Talent development program IDFA Project Space welcomed participants in Amsterdam for the first time this July—as part of a renewed four-month program. Next to the online program from June to September, sixteen international filmmaking teams with a documentary project in progress came together for a week-long program from July 4 to 9 to elevate their project alongside renowned directors, editors, and other film professionals. Read more about the inspirational week in Amsterdam for participants and their energized outlook on a bright film future ahead.
Taking place both in Amsterdam and online from June to September, IDFA Project Space has expanded its program to promote the exchange of knowledge and experience between talents and a renowned set of tutors. Following the online launch in June and ahead of online meetings running until September, the week of in-depth and tailored tutoring was complemented by a program of high-profile plenary sessions, film screenings, and inspirational Filmmaker Talks. Read more about the full program, tutors, and selected film projects here.
Deputy director of IDFA Isabel Arrate Fernandez explains: “We took out lessons from IDFAcademy Summer School (the last edition was 2019) and the two online editions of IDFA Project Space and created a program that combines the strengths to create a program that is tailor-made to each of the selected projects—inviting participants to work hard, expand on film projects, and inspire new ideas.”
Participants expressed enthusiasm about the ongoing four-month program and the relationships IDFA Project Space promotes. Hala El Kouch, director of The Place Where I Belong, described: “It's nice to know after this intensive week of building connections in Amsterdam, we can reconnect with the other participants, tutors, and IDFA team.”
The highly anticipated return to an in-person program had a profound effect on many participants. Carol Nguyen, director of The Visitors, shared: “It’s the spaces between the workshops and talking to your mentors that you find the time to reflect and connect with all these people from different communities, countries, and backgrounds. It’s been a refreshing reminder that filmmaking is all about collaboration and community.”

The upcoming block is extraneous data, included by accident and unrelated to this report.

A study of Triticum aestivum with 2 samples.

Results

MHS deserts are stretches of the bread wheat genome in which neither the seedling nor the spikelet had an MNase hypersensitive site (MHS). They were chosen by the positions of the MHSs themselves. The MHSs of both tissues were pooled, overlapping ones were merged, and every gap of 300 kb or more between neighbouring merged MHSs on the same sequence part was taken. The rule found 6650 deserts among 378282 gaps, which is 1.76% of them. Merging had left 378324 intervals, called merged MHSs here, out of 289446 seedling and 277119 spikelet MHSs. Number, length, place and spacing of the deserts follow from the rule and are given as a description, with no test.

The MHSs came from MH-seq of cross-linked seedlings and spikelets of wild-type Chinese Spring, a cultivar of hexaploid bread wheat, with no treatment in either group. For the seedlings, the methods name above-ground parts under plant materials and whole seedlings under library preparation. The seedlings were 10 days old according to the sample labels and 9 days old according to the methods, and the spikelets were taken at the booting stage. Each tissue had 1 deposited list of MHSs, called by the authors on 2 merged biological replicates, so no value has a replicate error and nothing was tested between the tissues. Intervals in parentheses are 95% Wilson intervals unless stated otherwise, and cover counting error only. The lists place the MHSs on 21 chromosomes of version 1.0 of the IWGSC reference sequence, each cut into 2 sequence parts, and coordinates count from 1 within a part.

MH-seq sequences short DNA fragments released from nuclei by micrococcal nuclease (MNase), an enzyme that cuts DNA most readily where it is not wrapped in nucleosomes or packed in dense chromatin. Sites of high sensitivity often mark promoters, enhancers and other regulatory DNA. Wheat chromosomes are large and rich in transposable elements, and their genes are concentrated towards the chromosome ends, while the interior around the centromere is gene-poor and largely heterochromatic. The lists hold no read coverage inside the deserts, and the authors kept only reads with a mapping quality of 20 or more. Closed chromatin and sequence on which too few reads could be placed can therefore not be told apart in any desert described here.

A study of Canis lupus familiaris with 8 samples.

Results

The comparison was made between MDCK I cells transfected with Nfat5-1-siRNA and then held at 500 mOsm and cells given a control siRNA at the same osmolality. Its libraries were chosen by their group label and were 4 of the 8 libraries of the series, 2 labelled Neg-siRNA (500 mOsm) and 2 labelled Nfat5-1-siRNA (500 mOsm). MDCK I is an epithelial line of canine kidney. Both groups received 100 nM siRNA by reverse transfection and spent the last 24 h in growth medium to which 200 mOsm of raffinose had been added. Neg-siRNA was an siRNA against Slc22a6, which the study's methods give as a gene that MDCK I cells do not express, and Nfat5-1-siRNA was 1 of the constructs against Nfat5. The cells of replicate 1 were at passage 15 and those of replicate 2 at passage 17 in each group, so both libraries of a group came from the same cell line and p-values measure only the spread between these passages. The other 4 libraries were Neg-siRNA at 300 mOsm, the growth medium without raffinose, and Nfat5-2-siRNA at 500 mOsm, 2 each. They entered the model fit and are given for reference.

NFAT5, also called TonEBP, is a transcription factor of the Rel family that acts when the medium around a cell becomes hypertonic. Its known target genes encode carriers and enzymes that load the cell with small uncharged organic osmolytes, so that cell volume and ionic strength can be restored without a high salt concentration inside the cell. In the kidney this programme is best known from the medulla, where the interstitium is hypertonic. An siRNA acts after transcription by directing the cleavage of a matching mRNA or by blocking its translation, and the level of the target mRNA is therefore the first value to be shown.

Hala El Kouch recounted a universal experience: “I came to realize that it’s true that we’re spread across the globe, but we all have or are going through very similar stories—this source of discomfort inside of us—and we have this urge to express ourselves through the tool of filmmaking. This experience makes you feel you’re not alone in the world.”
Collaboration also comes in the form of relationships between filmmaking teams. During their Filmmaker Talk, filmmaker Aliona van der Horst and editor Ollie Huddleston spoke about their collaboration on Love is Potatoes (2017). Speaking directly to Huddleston, Van der Horst divulged: “I could not have done it without you. It’s not just the technical support, but pushing me to make decisions and asking critical questions.” Huddleston addressed the participants in turn: “Great directors recognize the strengths of others, next to their own. You need to be very generous and really focused to recruit people to your cause.”
The opportunity to meet notable filmmakers, editors, and other industry professionals were something all participants expressed a deep enthusiasm for. For Joe H. Silva, director of Ozogoche (attending together with editor Oscar X. Illingworth), the week not only marked the first time watching his project’s first rough cut, but also getting a fresh perspective from his tutor, editor Ollie Huddleston. “You’re so immersed in the ideas, images, and characters, that you can lose perspective of what is working and what is not. Having someone you respect watch your film and talk to you about it, it’s all I could ask for right now. It has enriched the project, and me as a filmmaker and a person too.”
Speaking about the invaluable impact of conversations with her tutor, Carol Nguyen described leaving every meeting with her tutor, film consultant Gitte Hansen, thinking: “I didn’t know that I could see my film in this way, I didn’t know that I could dig any deeper.”
Following an intensive week of exchanging experiences, ideas, and feedback, the future looks bright for the selected filmmaking projects. In speaking to the wide range of tutors, a major takeaway for Hala El Kouch was not only their perspective, “but they challenge you to trust your own voice—to really trust yourself in the process.”
The program will continue until September, with online meetings. Meike Statema, Head of Talent Development, enthusiastically reflects on the new program and looking ahead: “The way the program has been designed this edition, allows us to connect with the participating projects throughout the year—to follow their films progress and, hopefully, welcome them back to IDFA in the future.”
As Joe H. Silva eloquently concluded: “The week has been wonderful. I feel really honored and privileged to be here. It’s a dream come true. And the dream still goes on—this is just the beginning.”